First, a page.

In 1970s war caused us to change
It is a prayer bracelet; 33 orange, tear drop shaped beads, attached by a string and anchored on the end by an elongated orange bead and a small tiny bead the size of a tear drop itself. It has lain in my desk drawer some 30 years since its owner gave it to me.
We were graduate students at KU; a group of us belonged to a seminar that met weekly. It was a group of international students, as many of whom had classes together. In the '70s, education was at its zenith; America at its best. Students came from all over the world to study and work in American institutions; there was an exchange of ideas and interplay of cultures that broadened us all. Or so it seemed.
We ate in each other's homes; celebrated respective holy and holidays together; watched over each other's children; visited hospital rooms when one of us was injured in a car wreck; sweated through graduate exams together; and tutored one another in difficult classes.
In May of l970, sentiment against the war broke out in campuses across the county; Kansas was no exception. Classes were disrupted; students rioted in the streets; a day of alternatives shut down final exams; faculty hid out in their offices; the Union burned; one student was shot; students took over the administration building. Those were days of protest; a time of new awakening; at least for American students.
By the end of summer, things settled down and things returned to normal; if anything ever returns to normal after such an awakening. By fall, classes resumed. Our relationships with students from abroad however had noticeably changed; more distant; more reserved; more cautious. We spent less time in one another's homes; ate less often together; only the weekly seminar attendance continued.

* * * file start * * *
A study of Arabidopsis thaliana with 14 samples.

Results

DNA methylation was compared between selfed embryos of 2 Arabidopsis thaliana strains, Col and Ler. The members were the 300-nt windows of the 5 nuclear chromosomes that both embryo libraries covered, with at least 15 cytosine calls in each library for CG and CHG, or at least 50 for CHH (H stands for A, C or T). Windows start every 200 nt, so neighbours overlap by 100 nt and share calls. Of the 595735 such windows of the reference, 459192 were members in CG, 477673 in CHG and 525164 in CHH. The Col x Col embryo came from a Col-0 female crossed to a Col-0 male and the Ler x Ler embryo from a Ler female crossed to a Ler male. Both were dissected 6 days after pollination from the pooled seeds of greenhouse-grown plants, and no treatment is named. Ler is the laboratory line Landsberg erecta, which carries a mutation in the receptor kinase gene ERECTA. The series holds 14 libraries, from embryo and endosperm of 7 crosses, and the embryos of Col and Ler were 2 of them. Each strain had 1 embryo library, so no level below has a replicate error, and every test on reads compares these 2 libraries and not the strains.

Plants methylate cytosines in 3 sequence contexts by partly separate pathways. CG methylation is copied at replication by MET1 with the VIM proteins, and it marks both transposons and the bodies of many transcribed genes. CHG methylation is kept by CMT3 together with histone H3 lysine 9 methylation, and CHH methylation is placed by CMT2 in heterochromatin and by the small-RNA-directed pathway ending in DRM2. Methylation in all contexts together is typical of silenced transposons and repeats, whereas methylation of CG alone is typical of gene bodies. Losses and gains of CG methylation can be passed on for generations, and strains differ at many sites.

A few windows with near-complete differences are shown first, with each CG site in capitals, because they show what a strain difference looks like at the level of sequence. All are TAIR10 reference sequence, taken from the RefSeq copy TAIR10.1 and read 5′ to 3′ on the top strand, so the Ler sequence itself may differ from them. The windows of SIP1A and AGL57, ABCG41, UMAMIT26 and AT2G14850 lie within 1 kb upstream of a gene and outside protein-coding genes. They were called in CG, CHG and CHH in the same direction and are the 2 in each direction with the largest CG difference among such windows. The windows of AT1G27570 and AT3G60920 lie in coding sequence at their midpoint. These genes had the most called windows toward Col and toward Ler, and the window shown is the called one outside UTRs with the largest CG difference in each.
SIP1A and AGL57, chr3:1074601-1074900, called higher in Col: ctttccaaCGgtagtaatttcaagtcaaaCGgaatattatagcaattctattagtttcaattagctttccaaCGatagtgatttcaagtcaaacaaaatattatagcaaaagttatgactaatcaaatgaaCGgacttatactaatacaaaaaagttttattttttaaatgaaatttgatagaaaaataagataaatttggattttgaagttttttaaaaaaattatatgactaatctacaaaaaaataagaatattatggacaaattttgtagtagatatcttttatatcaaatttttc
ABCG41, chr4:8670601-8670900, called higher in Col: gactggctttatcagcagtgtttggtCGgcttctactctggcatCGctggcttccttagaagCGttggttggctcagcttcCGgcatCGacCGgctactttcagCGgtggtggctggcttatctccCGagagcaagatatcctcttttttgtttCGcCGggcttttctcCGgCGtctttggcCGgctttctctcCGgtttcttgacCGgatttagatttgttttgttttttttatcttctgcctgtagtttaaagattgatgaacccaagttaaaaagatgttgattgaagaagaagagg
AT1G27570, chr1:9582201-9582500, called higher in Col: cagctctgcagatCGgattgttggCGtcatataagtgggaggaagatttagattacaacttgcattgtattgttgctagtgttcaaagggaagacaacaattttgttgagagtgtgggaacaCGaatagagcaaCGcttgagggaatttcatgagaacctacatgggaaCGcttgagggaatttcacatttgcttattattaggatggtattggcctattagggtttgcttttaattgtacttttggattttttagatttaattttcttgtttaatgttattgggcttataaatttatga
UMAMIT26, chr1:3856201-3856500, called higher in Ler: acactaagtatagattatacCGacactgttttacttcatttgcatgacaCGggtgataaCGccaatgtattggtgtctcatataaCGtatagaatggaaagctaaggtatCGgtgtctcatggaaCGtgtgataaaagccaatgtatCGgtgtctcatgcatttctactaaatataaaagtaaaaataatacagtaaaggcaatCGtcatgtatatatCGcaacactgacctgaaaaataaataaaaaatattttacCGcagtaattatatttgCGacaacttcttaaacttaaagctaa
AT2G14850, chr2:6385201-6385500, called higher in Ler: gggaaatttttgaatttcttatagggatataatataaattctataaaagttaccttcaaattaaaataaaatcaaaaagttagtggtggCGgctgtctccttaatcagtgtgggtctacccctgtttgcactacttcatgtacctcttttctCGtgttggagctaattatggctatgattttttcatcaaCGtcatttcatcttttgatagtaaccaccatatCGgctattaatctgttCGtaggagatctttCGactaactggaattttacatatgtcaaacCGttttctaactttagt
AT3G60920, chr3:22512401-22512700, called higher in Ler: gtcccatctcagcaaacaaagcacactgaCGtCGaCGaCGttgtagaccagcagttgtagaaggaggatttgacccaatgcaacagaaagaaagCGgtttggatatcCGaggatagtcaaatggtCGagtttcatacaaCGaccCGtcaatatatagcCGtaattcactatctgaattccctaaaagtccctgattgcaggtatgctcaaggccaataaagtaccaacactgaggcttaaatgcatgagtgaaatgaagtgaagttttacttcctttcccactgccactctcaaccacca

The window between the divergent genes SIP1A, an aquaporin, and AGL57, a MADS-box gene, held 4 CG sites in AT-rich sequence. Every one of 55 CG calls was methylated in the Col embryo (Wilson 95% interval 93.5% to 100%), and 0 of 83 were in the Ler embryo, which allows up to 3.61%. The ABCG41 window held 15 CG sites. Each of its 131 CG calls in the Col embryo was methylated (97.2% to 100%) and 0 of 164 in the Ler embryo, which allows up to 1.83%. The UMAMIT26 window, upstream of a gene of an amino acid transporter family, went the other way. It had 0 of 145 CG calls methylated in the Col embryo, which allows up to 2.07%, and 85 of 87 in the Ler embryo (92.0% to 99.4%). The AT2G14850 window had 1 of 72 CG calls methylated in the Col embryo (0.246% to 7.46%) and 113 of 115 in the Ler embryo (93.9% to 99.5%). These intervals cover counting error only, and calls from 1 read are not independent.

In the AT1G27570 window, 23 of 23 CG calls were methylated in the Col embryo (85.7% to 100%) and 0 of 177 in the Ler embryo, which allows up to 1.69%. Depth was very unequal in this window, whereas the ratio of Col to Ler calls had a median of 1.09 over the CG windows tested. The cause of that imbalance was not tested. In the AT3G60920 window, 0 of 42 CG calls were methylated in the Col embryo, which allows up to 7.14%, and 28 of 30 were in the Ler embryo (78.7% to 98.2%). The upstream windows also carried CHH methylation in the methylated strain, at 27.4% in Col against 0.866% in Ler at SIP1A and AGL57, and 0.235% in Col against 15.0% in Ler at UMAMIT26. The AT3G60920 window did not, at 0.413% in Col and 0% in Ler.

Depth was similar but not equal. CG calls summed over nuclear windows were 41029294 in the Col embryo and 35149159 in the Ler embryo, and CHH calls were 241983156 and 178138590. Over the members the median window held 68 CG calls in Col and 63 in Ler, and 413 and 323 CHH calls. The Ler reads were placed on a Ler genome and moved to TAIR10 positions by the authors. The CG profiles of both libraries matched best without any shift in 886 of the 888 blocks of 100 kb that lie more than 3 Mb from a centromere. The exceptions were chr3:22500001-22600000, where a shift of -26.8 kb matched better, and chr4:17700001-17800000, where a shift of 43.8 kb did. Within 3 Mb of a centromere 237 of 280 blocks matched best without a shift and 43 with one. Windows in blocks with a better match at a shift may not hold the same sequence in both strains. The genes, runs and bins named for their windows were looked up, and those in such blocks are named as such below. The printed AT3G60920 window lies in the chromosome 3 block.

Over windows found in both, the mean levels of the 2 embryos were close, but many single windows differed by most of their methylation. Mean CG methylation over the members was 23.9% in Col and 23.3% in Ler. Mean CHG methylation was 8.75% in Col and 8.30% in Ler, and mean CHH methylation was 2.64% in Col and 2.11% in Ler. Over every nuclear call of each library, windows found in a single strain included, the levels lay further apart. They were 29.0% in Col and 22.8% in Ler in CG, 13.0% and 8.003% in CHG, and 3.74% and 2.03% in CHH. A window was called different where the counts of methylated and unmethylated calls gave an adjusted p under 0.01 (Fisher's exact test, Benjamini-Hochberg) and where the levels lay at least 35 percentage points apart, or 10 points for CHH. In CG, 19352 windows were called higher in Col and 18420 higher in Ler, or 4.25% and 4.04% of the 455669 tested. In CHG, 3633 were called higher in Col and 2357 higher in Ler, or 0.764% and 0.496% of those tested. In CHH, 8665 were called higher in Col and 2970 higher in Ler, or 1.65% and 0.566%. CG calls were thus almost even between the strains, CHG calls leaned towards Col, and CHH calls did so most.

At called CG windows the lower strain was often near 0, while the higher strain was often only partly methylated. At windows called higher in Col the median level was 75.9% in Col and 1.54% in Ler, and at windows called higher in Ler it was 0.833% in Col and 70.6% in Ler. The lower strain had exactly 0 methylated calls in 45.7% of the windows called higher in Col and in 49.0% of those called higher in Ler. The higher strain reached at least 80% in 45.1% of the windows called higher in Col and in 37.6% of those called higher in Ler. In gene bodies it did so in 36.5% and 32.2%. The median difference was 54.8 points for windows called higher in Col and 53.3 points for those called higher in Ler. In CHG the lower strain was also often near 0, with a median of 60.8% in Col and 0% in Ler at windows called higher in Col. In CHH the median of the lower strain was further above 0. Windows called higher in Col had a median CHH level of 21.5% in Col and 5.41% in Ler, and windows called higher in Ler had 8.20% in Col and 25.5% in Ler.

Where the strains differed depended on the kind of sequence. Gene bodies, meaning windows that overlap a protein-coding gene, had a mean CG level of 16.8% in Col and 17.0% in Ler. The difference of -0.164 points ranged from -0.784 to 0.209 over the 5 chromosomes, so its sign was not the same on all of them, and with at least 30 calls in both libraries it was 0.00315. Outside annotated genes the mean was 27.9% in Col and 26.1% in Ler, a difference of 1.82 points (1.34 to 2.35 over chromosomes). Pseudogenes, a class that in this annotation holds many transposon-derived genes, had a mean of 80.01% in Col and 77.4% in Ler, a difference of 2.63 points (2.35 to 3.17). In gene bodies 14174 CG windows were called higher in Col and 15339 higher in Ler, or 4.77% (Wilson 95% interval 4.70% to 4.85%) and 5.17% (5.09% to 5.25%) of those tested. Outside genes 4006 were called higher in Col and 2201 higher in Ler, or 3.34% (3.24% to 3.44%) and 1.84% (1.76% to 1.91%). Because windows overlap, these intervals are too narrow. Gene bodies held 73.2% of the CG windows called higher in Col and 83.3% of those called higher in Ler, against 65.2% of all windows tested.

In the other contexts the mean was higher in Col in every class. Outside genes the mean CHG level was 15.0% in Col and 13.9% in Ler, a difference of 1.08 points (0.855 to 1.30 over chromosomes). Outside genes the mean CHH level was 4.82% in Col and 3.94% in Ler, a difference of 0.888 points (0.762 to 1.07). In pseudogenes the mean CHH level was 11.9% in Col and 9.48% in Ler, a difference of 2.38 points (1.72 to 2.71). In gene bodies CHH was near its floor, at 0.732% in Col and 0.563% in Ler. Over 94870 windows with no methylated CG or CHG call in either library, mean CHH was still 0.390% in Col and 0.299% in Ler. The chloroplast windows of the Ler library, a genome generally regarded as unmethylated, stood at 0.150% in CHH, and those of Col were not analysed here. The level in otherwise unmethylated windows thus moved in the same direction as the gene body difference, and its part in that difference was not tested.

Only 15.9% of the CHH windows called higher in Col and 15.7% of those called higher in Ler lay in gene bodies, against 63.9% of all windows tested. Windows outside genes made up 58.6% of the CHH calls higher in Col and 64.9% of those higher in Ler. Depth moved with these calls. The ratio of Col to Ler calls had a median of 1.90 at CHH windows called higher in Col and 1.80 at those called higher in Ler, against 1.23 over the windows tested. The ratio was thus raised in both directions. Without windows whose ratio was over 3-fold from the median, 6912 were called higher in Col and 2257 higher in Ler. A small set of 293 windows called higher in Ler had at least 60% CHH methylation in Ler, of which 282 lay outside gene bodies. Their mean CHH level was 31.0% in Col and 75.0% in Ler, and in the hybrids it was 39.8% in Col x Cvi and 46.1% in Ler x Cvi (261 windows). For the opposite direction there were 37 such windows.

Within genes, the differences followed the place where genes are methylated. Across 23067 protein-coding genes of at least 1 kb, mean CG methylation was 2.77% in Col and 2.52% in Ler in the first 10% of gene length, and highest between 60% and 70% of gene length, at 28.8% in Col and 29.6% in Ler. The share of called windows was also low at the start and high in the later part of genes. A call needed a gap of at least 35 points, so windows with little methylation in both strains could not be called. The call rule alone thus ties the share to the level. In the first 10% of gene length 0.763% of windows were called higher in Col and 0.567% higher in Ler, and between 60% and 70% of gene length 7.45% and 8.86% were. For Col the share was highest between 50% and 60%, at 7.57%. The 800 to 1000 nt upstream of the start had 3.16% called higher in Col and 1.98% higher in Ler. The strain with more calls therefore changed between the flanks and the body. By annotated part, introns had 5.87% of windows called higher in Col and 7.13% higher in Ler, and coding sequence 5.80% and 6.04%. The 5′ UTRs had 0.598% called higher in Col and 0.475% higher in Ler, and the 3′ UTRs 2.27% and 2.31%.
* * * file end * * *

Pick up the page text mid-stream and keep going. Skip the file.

One autumn evening, it turned unseasonably cool; I found my friend leaving the library without a sweater or jacket and offered him a ride home. I walked him the last few steps from the car to this front door; a new fear had awakened many of the foreign students who did not like to be out alone at night. He shivered and I offered him my sweater.
He reluctantly took the sweater; announced that his father had called him home; handed me the prayer bracelet. We knew we would never meet again.
The days of war have been much upon us; a war between his country and mine. I think of him and other students with whom I studied-when exchange of ideas and peace itself was at its zenith; the days before war; days we may never see again.
One day I want to see my friend face to face; look into that heavily bearded face and dark eyes and ask him if war is really worth the price we pay. We may never know.